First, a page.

How to evict an occupant of a foreclosedcondo?

The condo I bought from bank, is a foreclosed recently. The occupant is not previous owner. He is not a tenant, as he does not has HOA’s approval as requested. Not sure if he pay any rent to previous owner, he pays electricity. Does he covered by the Protecting Tanant on Foreclosure Act?

Asked on September 13, 2012 under Real Estate Law, Florida

Answers:

M.T.G., Member, New York Bar / FreeAdvice Contributing Attorney

Answered 8 years ago | Contributor

President Obama's "Protecting Tenants at Foreclosure Act of 2009" provides that if there is a tenant with a valid lease that lease survives a foreclosure. AThat means that atenant could stay at least until the end of the lease, and month-to-month tenants would be entitled to 90 days' notice before having to move out.

There is an exception to this rule: any buyer who intends to live on the property may terminate a lease with 90 days' notice. But the law provides that any state legislation that gives tenants more time will be the governing law so check with your state law on the matter as well.  He should not be paying rent to the old owner and you should not accept his rent unless and until you determine his status and figure out what you need to do with an attorney.  Good luck.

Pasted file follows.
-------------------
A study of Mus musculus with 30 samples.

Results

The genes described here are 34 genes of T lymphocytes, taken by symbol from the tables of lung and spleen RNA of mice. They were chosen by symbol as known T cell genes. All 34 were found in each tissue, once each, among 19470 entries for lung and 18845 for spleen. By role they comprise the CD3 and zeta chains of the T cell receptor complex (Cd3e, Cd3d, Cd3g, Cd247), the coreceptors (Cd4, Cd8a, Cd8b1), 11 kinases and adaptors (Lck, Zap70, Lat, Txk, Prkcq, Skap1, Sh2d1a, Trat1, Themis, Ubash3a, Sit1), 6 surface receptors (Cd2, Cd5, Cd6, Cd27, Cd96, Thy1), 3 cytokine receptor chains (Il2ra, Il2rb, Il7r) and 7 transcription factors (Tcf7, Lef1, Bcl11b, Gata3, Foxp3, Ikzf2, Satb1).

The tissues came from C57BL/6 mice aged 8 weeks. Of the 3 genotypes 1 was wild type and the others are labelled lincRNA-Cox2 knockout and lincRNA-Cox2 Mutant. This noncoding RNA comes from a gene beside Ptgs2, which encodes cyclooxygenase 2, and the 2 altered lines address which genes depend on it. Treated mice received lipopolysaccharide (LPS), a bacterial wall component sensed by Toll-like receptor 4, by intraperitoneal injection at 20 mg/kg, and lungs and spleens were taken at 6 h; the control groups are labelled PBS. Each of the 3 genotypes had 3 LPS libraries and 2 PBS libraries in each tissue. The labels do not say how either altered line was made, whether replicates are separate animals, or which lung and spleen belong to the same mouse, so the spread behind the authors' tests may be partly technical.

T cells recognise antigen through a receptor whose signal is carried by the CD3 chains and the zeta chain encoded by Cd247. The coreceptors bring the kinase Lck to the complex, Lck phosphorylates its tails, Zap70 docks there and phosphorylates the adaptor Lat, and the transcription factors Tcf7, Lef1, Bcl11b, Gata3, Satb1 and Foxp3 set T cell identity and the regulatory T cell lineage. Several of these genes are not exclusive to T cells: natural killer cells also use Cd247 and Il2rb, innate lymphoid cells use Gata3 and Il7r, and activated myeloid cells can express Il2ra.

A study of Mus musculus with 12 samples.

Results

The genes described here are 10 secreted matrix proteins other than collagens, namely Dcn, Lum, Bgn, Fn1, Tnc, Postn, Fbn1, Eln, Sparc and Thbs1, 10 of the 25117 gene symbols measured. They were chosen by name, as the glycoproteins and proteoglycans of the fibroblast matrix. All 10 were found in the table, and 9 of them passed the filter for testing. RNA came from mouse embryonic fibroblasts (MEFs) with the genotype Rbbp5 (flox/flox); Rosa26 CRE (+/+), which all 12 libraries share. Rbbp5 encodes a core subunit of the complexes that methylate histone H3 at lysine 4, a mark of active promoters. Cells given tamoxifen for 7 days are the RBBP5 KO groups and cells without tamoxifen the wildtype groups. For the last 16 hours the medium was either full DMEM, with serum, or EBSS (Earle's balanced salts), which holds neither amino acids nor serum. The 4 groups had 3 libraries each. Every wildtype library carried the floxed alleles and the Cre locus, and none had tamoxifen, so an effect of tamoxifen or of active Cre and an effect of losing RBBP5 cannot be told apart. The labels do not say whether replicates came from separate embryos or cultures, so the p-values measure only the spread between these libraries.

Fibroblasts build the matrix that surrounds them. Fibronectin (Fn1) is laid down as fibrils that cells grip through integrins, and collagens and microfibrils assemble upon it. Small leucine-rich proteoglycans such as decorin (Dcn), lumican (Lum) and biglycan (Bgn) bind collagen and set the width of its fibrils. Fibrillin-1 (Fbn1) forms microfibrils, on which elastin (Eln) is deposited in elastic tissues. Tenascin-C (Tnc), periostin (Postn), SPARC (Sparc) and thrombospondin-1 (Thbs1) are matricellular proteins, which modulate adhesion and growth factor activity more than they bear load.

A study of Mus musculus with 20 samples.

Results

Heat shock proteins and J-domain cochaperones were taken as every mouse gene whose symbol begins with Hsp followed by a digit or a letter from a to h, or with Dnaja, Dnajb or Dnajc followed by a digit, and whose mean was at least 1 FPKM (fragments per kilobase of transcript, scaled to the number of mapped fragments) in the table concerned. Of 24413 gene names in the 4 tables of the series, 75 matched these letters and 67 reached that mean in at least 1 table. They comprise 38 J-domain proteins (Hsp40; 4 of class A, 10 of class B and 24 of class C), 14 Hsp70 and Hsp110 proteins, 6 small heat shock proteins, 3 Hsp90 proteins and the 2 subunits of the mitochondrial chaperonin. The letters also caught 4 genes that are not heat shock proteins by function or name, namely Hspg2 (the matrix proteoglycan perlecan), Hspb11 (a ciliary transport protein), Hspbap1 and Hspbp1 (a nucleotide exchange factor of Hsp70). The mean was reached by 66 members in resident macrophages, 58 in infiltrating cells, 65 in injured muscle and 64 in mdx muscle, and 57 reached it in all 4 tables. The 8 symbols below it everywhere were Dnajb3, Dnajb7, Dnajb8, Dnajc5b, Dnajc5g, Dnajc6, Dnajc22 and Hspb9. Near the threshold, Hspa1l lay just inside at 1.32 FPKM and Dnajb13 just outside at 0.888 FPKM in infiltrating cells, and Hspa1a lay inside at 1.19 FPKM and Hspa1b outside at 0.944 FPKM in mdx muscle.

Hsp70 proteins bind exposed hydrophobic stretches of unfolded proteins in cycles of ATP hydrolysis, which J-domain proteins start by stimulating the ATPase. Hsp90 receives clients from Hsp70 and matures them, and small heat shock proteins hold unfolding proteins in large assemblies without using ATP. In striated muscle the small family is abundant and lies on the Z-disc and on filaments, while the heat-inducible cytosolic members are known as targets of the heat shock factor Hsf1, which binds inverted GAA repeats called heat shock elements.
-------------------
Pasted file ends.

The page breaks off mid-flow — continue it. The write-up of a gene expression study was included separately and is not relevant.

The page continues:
IMPORTANT NOTICE: The Answer(s) provided above are for general information only. The attorney providing the answer was not serving as the attorney for the person submitting the question or in any attorney-client relationship with such person. Laws may vary from state to state, and sometimes change. Tiny variations in the facts, or a fact not set forth in a question, often can change a legal outcome or an attorney's conclusion. Although AttorneyPages.com has verified the attorney was admitted to practice law in at least one jurisdiction, he or she may not be authorized to practice law in the jurisdiction referred to in the question, nor is he or she necessarily experienced in the area of the law involved. Unlike the information in the Answer(s) above, upon which you should NOT rely, for personal advice you can rely upon we suggest you retain an attorney to represent you.